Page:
Which channels are consumers using most, and what does this mean for credit unions?
Today’s consumers are faced with more options than ever when making payments or conducting transactions. Gone are the days when physical cash, checks and cards were the only choices available. Now, consumers can decide between one of these or a host of other options, including a credit or debit card (whether physical or issued digitally), contactless card, mobile wallet, wearable, a buy now, pay later program, a person-to-person payment app—the list goes on. But which options are credit union members and other consumers turning to the most, and what does it mean for credit unions?
For the sixth consecutive year, PSCU set out to gauge payment preferences among credit union members and other financial institution customers, including how they evolved over the past year. According to PSCU’s 2023 Eye on Payments survey, nearly four in 10 respondents (37%) report they want to use a mobile wallet at the point of sale or when paying for something at a retail location. With 43% of credit union members—up from 35% in 2019—reporting they are likely to use a mobile wallet in the next six months to pay for goods and services, this trend seems to be here to stay. In fact, the number of respondents reporting they never use a mobile wallet has decreased from 57% in 2022 to 48% in 2023, underscoring this upward trajectory.
In addition, for the first time, tap-and-go payment options—including contactless cards, mobile wallets and wearables (like smart watches) —were more preferred than inserting an EMV chip at the point of sale. More than half (53%) of respondents report they would rather tap-and-go than insert a chip into a point-of-sale device (38%). Mobile wallet (14%) has also officially outpaced swiping a magnetic stripe (9%) at the point-of-sale device.
These preferences and behaviors are partly driven by younger generations. At least 28% of respondents 42 and younger say they use their mobile wallets at least a few times per week (34% of Generation Z, ages 18-26, 35% of younger millennials, ages 27-34, and 28% of older millennials, ages 35-42). In fact, mobile wallets rank as the third most preferred way to pay (13%) for Gen Z, more than doubling in preference since 2021 (6%) and surpassing cash (12%) for the first time. Younger millennials have also reached double digits, with 10% reporting they favor mobile wallets to pay for items.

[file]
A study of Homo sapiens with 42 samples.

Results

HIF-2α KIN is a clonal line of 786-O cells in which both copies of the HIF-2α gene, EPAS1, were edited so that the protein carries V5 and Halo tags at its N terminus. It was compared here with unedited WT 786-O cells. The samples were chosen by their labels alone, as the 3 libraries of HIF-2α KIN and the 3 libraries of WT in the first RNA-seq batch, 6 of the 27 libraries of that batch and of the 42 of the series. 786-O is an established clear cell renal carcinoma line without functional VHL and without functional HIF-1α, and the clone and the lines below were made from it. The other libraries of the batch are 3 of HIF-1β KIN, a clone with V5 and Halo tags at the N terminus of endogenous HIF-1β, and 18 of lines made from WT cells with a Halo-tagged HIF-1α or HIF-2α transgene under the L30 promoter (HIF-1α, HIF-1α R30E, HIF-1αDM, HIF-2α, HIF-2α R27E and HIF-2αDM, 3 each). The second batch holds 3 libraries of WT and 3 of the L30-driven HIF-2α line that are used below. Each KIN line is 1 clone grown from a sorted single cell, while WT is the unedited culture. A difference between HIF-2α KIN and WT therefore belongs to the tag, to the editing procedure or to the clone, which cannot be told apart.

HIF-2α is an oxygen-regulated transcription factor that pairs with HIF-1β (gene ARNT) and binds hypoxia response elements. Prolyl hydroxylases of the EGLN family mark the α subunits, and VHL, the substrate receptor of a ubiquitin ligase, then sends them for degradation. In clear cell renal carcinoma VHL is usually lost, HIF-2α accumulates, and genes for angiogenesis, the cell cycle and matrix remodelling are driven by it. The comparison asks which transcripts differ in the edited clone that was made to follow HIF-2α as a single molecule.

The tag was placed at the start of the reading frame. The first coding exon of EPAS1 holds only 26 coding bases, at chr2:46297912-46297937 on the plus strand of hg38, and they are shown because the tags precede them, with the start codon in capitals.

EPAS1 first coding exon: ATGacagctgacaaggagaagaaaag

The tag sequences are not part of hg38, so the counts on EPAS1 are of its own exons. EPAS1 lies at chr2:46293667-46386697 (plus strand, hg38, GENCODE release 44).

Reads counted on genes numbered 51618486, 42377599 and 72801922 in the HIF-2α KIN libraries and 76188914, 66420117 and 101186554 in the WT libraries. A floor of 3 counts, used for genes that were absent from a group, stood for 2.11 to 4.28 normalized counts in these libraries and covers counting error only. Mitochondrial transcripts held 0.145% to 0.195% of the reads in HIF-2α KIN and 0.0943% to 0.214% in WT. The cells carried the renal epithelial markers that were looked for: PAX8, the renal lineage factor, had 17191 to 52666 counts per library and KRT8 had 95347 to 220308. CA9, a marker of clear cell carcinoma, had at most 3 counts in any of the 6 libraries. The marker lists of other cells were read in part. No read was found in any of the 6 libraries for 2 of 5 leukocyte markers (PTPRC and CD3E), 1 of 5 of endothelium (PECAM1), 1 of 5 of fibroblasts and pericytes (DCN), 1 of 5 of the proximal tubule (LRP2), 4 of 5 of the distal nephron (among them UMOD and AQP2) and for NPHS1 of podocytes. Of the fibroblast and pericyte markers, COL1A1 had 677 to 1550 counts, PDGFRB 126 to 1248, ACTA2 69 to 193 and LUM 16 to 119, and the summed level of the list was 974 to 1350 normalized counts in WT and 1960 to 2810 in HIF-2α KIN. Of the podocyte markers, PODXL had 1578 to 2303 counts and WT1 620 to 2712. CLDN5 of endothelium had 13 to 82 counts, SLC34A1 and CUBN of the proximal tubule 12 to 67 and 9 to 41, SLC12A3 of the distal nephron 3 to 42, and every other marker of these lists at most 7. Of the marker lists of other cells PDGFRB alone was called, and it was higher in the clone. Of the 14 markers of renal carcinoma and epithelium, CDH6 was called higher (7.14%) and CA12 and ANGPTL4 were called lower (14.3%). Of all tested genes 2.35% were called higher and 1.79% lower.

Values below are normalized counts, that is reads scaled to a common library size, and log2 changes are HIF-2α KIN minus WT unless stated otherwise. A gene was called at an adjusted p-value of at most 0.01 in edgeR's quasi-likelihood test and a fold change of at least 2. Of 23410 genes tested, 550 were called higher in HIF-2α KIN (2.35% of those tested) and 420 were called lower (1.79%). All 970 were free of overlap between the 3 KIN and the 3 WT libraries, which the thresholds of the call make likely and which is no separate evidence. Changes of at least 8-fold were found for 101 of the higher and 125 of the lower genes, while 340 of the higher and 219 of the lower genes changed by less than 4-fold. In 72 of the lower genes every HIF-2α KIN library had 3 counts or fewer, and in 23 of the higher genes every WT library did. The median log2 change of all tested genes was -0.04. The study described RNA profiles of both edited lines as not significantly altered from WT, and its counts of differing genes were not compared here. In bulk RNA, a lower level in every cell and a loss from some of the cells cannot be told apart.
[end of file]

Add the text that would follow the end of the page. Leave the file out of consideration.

To top it off, this year’s survey revealed the biggest divergence between Baby Boomers (ages 59 and above) and Gen Z, from where they choose to shop and conduct banking activities, to how they decide to pay and more. Ninety-six percent (96%) of Baby Boomers prefer to use a tried-and-true payment method like debit cards (42%), credit cards (38%) or cash (16%). Although debit is also most preferred among Gen Z (49%), this group leads the way in preference for mobile wallets and P2P payment accounts (6%). In addition, only 16% of Gen Z respondents prefer credit cards. When asked if they tend to pay more with a variety of payment methods than they did a few years ago, 80% of Gen Z agreed they do compared to only 42% of Boomers, the lowest among any generation.
The Takeaways for Payments
Enabling and offering tap-and-go options, especially mobile wallet solutions and integrations, has become table stakes for credit unions. What might have seemed like a passing trend has now become a go-to option for many consumers. Digital is here to stay and credit unions must ensure their tools and technologies are meeting—or ideally exceeding—member expectations.
Most credit unions already know their members expect personalized, connected experiences. However, credit unions can take this a step further by personalizing offerings to meet members’ needs in different life stages. While digital-first younger generations are always on the hunt for the latest and greatest innovations, older cohorts gravitate toward reliable, time-tested methods. To truly understand a credit union’s target audiences and provide the right solution best suited to each member or potential member, utilize the data your credit union already has available.
It all comes down to providing credit union members with the options they seek, then continually looking for ways to optimize, elevate or enhance those offerings. Keeping products fresh, relevant and aligned with consumer demands is critical to retaining current member relationships and establishing new ones.
SVP/Chief Marketing Officer Tom Pierce is responsible for leading and executing PSCU’s marketing and communications strategy, including brand development and sentiment, public relations, go-to-market strategy, market research and events. Pierce has successfully led marketing teams for more than 30 years, with the latter half of his career spent in the payments industry. Before joining PSCU, a CUESolutions provider, Pierce served as chief marketing officer for Cardtronics, the largest global ATM operator, and held senior marketing roles at FIS, Metavante and Wausau Financial Systems.